California backs off on added licensing for solar installers to do battery projects

California construction regulators have backed off on a new rule that would have required solar installers as of Nov. 1 to get further licensing to be able to put in battery storage systems.

State Attorney General Rob Bonta on Oct. 4 filed a stipulation in court that the mandate would be paused until a lawsuit brought by a trade group representing solar installers is resolved, according to the document.

“This is a huge relief, albeit temporary, for hundreds of contractors up and down the state,” said Bernadette Del Chiaro, executive director of that trade group, California Solar & Storage Association, in a statement. “The restrictions suddenly imposed this past summer were devastating and came at a time when consumers and the state as a whole desperately need more reliable clean energy, not less.”

The association sued the Contractors State Licensing Board over a July 27 decision that gave contractors with a C-46 solar installer license classification 90 days to obtain the C-10 electrical contractor classification to be able to sign new contracts that included battery energy storage systems, or BESS.

Also part of that decision was that general contractors with A and B license classifications would continue to be allowed to hook up the batteries specifically bringing in an outside certified electrician.

In its Sept. 17 complaint in San Francisco Superior Court, the trade group contended that the board’s action would prevent about 500 contractors who just hold C-46 classifications from being able to get new solar jobs that include batteries at a transformational time in California’s energy mix.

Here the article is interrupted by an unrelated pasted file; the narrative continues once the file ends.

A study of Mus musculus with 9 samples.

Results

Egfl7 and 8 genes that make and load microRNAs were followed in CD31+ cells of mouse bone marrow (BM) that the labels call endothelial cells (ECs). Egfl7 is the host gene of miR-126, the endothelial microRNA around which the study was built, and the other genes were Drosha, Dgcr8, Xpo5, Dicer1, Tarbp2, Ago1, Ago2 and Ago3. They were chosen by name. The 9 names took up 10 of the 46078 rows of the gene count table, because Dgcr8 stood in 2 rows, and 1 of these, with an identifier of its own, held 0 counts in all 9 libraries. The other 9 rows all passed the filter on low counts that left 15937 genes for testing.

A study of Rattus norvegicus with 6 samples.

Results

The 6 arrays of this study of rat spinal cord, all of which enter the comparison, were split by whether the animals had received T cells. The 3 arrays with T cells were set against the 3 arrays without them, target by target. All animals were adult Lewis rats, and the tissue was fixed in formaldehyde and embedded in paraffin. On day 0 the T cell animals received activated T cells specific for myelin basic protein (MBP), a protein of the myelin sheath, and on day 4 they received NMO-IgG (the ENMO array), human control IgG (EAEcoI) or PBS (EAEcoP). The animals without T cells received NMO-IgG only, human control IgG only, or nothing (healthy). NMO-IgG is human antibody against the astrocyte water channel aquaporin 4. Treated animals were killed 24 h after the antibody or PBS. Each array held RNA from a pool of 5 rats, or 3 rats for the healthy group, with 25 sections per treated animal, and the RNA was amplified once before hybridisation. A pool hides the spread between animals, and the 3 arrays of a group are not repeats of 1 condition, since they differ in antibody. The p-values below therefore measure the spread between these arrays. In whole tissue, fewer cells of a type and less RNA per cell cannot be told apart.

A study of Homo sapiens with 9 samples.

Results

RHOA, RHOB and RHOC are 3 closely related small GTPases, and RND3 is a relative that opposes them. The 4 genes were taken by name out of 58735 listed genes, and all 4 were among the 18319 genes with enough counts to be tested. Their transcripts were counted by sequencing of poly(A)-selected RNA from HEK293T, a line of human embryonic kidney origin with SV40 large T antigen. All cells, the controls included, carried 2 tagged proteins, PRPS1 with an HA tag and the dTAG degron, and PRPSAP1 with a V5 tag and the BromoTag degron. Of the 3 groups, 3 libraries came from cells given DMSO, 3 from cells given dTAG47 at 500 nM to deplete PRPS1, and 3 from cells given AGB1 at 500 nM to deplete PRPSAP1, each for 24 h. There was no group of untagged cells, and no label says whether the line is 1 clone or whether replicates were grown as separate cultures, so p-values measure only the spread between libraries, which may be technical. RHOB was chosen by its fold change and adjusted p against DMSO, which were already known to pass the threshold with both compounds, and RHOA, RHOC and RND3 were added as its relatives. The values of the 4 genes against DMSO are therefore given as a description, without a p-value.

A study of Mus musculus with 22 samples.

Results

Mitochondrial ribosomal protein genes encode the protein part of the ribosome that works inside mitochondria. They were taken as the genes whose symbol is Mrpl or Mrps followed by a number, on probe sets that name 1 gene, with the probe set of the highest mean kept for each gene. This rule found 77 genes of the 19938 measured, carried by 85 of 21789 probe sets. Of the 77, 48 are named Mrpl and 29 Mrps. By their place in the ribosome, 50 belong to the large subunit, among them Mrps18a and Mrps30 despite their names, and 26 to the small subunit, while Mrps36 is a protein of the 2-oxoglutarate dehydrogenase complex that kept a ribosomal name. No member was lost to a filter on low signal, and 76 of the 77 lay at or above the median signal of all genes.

Electrical storage at the home, business and utility level is considered to be a key part of California’s planned transition to zero-emission power over the next 24 years and is set to be an important addition to next year’s update to the state building code. Batteries would store energy generated by renewable sources such as solar panels and wind turbines, allowing electricity to be released to the grid when those variable sources aren’t producing, particularly during peak demand.

The installer association contends that the board’s action tried to sidestep the rule-making process under the Administrative Procedures Act, which can take a year to 18 months to complete. The state responded in a court filing Oct. 21, denying that and other allegations.

The board communicated its C-46 classification decision in an industry circular Aug. 17 and in mid-September held a workshop on what C-46 classification holders would have to do to get a C-10 classification. Board staff clarified that C-46 holders with more than four years of experience installing photovoltaic systems would be eligible for add C-10 after passing an exam.

Jeff Quackenbush covers wine, construction and real estate. Before the Business Journal, he wrote for Bay City News Service in San Francisco. He has a degree from Walla Walla University. Reach him at or 707-521-4256.